Did March come in like a lion and go out like a lamb or vice versa in your neck of the woods? Is April starting off with those familiar showers that bring May flowers? Obviously, study the weather?. Why not make the best of it and take the opportunity to
In our homeschool, we love to do unit studies. What that really boils down to in practical terms is choosing a topic, like the weather, and trying to incorporate elements of that topic into every subject we study.
Weather and History:
Study extreme weather from the past. This can include hurricanes, tornadoes, blizzards, and floods. Unfortunately, there is no shortage to study on this aspect of weather. How did these things affect the economy of the time? Did extreme weather alter the course of history by causing many people to move to other areas that weren’t affected by the weather incident? Books like The Long Winter by Laura Ingalls Wilder or Stormy, Misty’s Foal from the Misty of Chincoteague series by Marguerite Henry are two examples of historical fiction featuring real incidents of extreme weather.
Weather and Math:
Purchase a large thermometer and/or barometer that can be mounted outside your house. Check the temperature and barometric pressure at different times throughout the day for a week and record the results on your own homemade weather chart or graph. If you don’t have a thermometer/barometer, use a weather website like NOAA and chart the daily high and low temperatures for your area. You can use your results at the end of the week to figure out the average temperature.
Weather and Bible study:
The most famous incident of extreme weather in the Bible is about Noah and the worldwide flood (Genesis 6). Read this story again, then read a book about floods. You can also study how rainbows form and the significance of the rainbow as a sign from God to Noah.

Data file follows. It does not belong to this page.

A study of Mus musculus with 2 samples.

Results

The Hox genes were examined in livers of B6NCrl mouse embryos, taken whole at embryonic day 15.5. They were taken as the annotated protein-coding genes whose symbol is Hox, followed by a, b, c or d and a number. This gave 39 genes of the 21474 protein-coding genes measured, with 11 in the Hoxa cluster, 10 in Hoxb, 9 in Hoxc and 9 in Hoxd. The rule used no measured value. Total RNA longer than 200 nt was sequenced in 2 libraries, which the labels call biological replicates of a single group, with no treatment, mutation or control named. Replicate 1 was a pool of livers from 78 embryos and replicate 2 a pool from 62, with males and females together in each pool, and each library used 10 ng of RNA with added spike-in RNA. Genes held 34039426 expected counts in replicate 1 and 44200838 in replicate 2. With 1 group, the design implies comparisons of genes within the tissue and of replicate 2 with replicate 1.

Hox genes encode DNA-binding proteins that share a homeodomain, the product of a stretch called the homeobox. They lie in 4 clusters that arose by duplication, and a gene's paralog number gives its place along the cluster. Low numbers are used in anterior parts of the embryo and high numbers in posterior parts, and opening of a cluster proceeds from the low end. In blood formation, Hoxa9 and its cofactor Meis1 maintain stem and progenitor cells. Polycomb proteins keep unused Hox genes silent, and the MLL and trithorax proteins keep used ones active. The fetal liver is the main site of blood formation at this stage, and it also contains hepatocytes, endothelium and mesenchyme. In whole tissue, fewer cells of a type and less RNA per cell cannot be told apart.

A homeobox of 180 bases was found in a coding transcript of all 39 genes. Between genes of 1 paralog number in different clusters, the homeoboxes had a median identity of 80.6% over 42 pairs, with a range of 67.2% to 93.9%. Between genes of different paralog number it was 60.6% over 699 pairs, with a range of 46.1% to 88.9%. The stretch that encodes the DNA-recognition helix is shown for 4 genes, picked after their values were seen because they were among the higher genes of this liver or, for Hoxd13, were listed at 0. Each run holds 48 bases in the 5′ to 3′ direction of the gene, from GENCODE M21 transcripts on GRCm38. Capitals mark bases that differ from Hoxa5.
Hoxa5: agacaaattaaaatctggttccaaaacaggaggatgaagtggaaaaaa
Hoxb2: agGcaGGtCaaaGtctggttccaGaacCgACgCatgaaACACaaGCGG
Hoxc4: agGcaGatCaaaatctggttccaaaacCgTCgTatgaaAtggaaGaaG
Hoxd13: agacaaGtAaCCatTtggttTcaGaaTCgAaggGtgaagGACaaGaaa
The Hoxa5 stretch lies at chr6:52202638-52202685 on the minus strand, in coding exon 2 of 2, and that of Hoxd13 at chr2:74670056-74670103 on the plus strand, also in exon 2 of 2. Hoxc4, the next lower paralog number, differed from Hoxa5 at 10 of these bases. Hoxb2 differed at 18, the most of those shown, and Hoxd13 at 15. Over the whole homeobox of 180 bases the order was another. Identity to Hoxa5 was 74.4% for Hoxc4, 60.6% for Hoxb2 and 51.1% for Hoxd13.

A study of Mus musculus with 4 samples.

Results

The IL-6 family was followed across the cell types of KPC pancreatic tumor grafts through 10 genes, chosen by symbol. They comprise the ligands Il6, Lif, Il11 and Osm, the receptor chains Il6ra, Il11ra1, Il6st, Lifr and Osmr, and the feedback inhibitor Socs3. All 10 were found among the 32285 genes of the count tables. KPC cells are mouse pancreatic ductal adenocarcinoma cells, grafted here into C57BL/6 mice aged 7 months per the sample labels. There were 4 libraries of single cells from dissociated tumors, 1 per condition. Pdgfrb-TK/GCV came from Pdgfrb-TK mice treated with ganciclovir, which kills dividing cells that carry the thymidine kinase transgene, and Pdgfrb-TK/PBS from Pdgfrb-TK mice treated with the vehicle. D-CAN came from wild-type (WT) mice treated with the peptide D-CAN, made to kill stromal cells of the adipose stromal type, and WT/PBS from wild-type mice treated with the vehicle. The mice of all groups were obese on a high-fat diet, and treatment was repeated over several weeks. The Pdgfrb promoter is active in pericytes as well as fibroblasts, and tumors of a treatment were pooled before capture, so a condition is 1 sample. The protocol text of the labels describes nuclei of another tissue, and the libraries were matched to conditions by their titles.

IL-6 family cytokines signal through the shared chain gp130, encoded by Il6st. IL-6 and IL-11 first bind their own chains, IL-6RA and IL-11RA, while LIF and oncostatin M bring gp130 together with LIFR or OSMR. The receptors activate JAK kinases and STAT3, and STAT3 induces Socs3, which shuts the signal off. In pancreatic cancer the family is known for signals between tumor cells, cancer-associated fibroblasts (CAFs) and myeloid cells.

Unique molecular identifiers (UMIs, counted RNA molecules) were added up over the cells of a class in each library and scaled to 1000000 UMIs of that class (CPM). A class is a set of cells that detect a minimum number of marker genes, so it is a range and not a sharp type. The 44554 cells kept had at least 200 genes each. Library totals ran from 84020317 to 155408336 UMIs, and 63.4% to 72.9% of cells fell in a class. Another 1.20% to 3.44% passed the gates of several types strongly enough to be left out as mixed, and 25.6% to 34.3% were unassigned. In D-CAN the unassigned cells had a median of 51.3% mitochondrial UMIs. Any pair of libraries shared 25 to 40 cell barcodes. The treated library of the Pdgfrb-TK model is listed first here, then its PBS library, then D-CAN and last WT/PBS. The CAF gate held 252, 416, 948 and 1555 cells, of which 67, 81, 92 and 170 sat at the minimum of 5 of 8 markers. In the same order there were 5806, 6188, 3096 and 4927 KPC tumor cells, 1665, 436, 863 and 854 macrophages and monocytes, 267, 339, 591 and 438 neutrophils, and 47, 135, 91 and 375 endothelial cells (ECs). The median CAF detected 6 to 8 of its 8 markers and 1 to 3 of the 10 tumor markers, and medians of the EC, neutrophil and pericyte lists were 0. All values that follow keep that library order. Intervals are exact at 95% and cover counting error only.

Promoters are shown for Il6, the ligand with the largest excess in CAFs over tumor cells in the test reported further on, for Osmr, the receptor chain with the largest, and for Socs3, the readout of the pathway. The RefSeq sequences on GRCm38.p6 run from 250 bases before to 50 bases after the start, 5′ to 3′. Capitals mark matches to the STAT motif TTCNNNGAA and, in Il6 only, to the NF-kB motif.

Weather and Geography:
Why is it cooler in the mountains or near the coast? Why is the Equator so hot? What is the climate like in different regions in the United States? What is the Snow Belt? It’s easy to find many different geography and weather connections!
The Wizard of Oz by L. Frank Baum is a great family read-aloud that includes extreme weather. The tornado that transports Dorothy to Oz qualifies as a weather event, right?
Hands-on Weather projects:
If your kids like hands-on activities or arts and crafts, try the following —
- A weather-related lapbook.
- Draw or paint scenes from all four seasons.
- A weather field trip to visit a local news meteorologist (be sure to plan ahead!) or weather station (often found at small local airports).
- Pinterest is an excellent source for finding weather-related crafts and printables to use.
If you’d like to try a weather unit study, but don’t have the time to plan it out yourself I highly recommend Amanda Bennett’s unit studies. You can choose one on Twisting Tornadoes or Spring to get you started with a one-week unit study with companion lapbook components. It’s a quick and easy introduction to unit studies if you’ve never tried them before.
Although we generally think of weather as a science topic, you can see that it can be included in every subject you study and tweaked for every age range in your homeschool. Have fun learning as you “weather” the weather changes this spring!